There seems to be this cycle of topical blog posts that are put out by some of the heavy-hitter photo pundits out there. These topics usually result in galvanized readers who further stoke the flame by leaving their own comments, all of which translates into a spike in traffic to that particular site. I often joke with my friends that a surefire way to boost traffic to one’s site for a day or two is to post a thread about why HDR is or isn’t photography.
But the topic that most often interests me is the one where you are being told that photography isn’t about the gear. Most interestingly enough, I notice who it is that preaches this. Usually, the authors who are offering this sage advice really don’t have an issue with getting the gear for themselves or they already own it.
I will agree with one unequivocal and indisputable truth: no amount of gear can be a substitute for raw talent and vision. Just because you have the newest camera with the sharpest lens will not give you a guarantee that all of your shots will be memorable or provocative or even marginally good. But, I can guarantee you that it will help.
Take this example as a way for me to illustrate my point:
You are standing in a breathtakingly gorgeous expanse of nature. The elements are perfect, the light is just right, and you want to share this moment with everyone that you know. About a foot in front of you, there is a fantastic boulder that would make for an ideal foreground element. You have a vision of exactly how you want to frame the shot and how you’d like to separate your foreground from your background. But you don’t have a camera. And it isn’t about the gear?
Granted, that is a bit hyperbolic but please follow along.
So, now you have a camera. It’s a basic point-n-shoot. So you take the camera, hold it at that awkward arms-length position, and press the shutter button. You now have a picture of the scene. But, because of the limitations with the camera’s focal length and the total lack of aperture and shutter speed control, you are left with a ‘marginally ok’ shot. It’s not anywhere near what you had envisioned. Still not about the gear?
Ok, you know that you need more control over the image. You now have a basic dSLR with a kit lens. It affords you some versatility with camera control but the shot that you took is really noisy and the focal length of that kit lens is actually not true to spec because you have a cropped sensor, so you’re still not getting quite as wide as you’d like. Plus, the lens doesn’t have an aperture that is large enough to get you just the right separation that you had envisioned . You also notice all sorts of soft edges and chromatic aberration throughout the contrasty parts of the image. But everyone says that it isn’t about the gear, right?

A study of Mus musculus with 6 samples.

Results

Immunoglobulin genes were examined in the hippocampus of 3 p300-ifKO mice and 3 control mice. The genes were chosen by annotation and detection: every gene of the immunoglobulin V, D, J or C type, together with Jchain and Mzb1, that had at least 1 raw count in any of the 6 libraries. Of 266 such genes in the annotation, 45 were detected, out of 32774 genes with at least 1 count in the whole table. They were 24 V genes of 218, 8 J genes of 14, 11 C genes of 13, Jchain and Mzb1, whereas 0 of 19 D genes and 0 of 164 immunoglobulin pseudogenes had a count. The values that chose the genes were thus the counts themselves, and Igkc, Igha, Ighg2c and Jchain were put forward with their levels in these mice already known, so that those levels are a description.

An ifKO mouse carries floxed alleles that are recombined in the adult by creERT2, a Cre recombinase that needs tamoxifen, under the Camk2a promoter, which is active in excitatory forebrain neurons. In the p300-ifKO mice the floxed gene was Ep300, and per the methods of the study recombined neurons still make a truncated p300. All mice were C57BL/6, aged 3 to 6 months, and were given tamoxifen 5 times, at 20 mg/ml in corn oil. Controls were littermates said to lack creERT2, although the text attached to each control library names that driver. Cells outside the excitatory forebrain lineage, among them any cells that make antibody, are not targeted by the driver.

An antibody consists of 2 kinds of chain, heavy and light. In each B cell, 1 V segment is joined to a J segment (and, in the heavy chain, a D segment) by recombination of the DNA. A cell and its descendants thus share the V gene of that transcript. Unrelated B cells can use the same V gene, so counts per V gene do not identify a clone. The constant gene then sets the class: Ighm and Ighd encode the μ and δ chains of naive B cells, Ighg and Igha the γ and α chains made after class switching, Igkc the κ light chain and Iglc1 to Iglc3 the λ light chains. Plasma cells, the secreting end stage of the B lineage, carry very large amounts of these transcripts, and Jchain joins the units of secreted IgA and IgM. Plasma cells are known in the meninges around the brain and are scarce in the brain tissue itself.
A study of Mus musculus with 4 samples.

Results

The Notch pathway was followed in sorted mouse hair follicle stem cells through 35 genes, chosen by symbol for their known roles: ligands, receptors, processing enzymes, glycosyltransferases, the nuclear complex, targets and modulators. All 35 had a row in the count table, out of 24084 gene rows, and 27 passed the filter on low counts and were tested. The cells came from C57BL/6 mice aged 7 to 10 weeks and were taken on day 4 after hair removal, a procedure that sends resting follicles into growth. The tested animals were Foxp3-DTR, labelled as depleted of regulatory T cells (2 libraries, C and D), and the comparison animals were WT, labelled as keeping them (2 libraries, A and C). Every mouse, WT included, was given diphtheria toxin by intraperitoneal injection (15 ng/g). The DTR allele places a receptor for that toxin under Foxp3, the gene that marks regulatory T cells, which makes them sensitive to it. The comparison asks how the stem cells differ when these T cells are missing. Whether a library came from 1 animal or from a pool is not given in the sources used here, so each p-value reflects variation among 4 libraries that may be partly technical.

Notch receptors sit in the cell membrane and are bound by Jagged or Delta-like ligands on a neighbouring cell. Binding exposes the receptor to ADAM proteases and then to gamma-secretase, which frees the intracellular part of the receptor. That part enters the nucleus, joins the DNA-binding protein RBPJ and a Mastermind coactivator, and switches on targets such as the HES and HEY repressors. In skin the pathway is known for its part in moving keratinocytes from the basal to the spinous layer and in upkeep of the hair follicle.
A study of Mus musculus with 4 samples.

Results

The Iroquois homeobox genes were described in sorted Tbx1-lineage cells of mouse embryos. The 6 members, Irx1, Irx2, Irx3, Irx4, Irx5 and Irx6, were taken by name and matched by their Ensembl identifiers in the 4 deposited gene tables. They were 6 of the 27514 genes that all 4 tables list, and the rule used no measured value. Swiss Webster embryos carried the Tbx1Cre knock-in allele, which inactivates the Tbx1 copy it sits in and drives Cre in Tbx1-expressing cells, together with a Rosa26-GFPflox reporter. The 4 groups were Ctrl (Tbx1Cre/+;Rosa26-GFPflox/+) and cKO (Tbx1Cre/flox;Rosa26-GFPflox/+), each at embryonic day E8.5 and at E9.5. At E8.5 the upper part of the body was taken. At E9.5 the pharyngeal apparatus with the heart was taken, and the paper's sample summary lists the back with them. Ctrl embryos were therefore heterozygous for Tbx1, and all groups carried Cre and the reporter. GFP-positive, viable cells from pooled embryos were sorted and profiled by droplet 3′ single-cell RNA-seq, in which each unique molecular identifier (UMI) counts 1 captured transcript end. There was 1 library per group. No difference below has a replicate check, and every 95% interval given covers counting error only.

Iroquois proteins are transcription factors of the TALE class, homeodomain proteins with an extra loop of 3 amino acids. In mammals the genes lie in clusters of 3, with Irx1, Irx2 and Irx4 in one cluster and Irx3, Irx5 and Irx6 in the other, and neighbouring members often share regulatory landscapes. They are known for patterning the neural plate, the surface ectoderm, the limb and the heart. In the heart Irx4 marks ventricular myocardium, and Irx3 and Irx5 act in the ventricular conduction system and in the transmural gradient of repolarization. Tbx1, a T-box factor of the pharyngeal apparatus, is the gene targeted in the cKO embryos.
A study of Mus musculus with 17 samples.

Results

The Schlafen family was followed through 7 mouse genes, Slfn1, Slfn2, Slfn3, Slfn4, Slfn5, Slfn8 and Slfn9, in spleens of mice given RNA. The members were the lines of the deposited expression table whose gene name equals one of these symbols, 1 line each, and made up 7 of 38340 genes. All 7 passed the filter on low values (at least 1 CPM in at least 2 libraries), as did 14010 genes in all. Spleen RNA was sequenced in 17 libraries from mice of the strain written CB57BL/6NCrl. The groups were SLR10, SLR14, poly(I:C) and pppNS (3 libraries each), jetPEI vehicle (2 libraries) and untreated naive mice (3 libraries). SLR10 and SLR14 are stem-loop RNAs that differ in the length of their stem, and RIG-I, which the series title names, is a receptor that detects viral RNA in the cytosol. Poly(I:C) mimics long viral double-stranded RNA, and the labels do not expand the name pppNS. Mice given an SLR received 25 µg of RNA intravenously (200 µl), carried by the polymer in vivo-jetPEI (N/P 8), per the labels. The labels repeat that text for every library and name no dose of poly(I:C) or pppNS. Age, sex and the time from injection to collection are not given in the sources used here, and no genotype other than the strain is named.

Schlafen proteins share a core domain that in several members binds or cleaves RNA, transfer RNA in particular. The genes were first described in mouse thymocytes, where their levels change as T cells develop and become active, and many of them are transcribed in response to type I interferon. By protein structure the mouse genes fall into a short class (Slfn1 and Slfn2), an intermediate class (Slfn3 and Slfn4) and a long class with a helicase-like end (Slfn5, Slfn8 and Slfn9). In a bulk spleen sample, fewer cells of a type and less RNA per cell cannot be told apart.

Fine, you decide that in order to really capture the shot exactly how you had envisioned it, you get yourself a beefy full frame camera that provides a nice, clean, noise-free image. The high-end glass that you also bought is ultra-wide and has a large aperture, allowing you to create the exact amount of separation to make that boulder pop right off of the screen. So, what was that you were saying about the gear?
Notice one constant theme throughout this example. The photographer had a vision of how the image should be crafted. Technically, you could have achieved a photo of the scene with any functional camera. No one would dispute that. But, to be fair, having the optimal gear with you will contribute to you realizing your particular vision much easier. It is for this exact reason that Canon has three different types of 50mm prime lenses ranging from $100 to $1500. It’s why there is ‘L’ series and Tilt Shift glass. It’s also why there are $17,000 medium format digital-back cameras. Sometimes, you simply cannot achieve your vision in a shot with ‘just anything’.
And it’s not a criticism of the photographer at all. A lot of this gear is very, very expensive and can be difficult to justify as an expense. What I take umbrage with is when photographers who seemingly have all the gear in the world tell you that it really isn’t necessary. That is a bit of slanted truth, a good dose of doublespeak. I see it simply as this: To be a [great] photographer, you must have vision. This is non-negotiable. To realize that vision, you must have gear. As you use your gear, and eventually start to plateau with its capabilities (and limitations), you will reach an impasse. You will hit a point where your vision can no longer necessarily be realized with the gear that you have. This is when you will decide whether it is worthwhile for you to invest in better gear.
I’ll end this Ed. Op. post with my own personal experience. I’ve been shooting for a long time now. I am not an academically trained photographer – I’ve learned to use my experiences and failures to shape my vision. I started with a very basic film-based point & shoot, moved to a basic digital point & shoot, and onto the entry level Canon Digital Rebel (300D) w/a kit lens. I used that kit to the point where I had the camera serviced twice for exceeding the max rating of actuations. One day, I realized that it was time to invest in some better glass, a more capable camera body, and a tripod. The direct result? I was able to foster my vision and allow it to grow. Later on, I realized that I loved shooting architecture. Non-stop. But, the glass that I had wasn’t giving me what I wanted in terms of clean, straight lines. So, I invested in what is now my most expensive piece of gear, the Canon 17mm Tilt Shift lens. In doing so, that single lens blasted open the doors for my own creativity. It allowed me to take my sandbox of fun and expand it 10-fold. I was ready for the gear and for what it could help me achieve.
And the more that I thought about it, the more I understood that the gear is really a lot of what it’s about.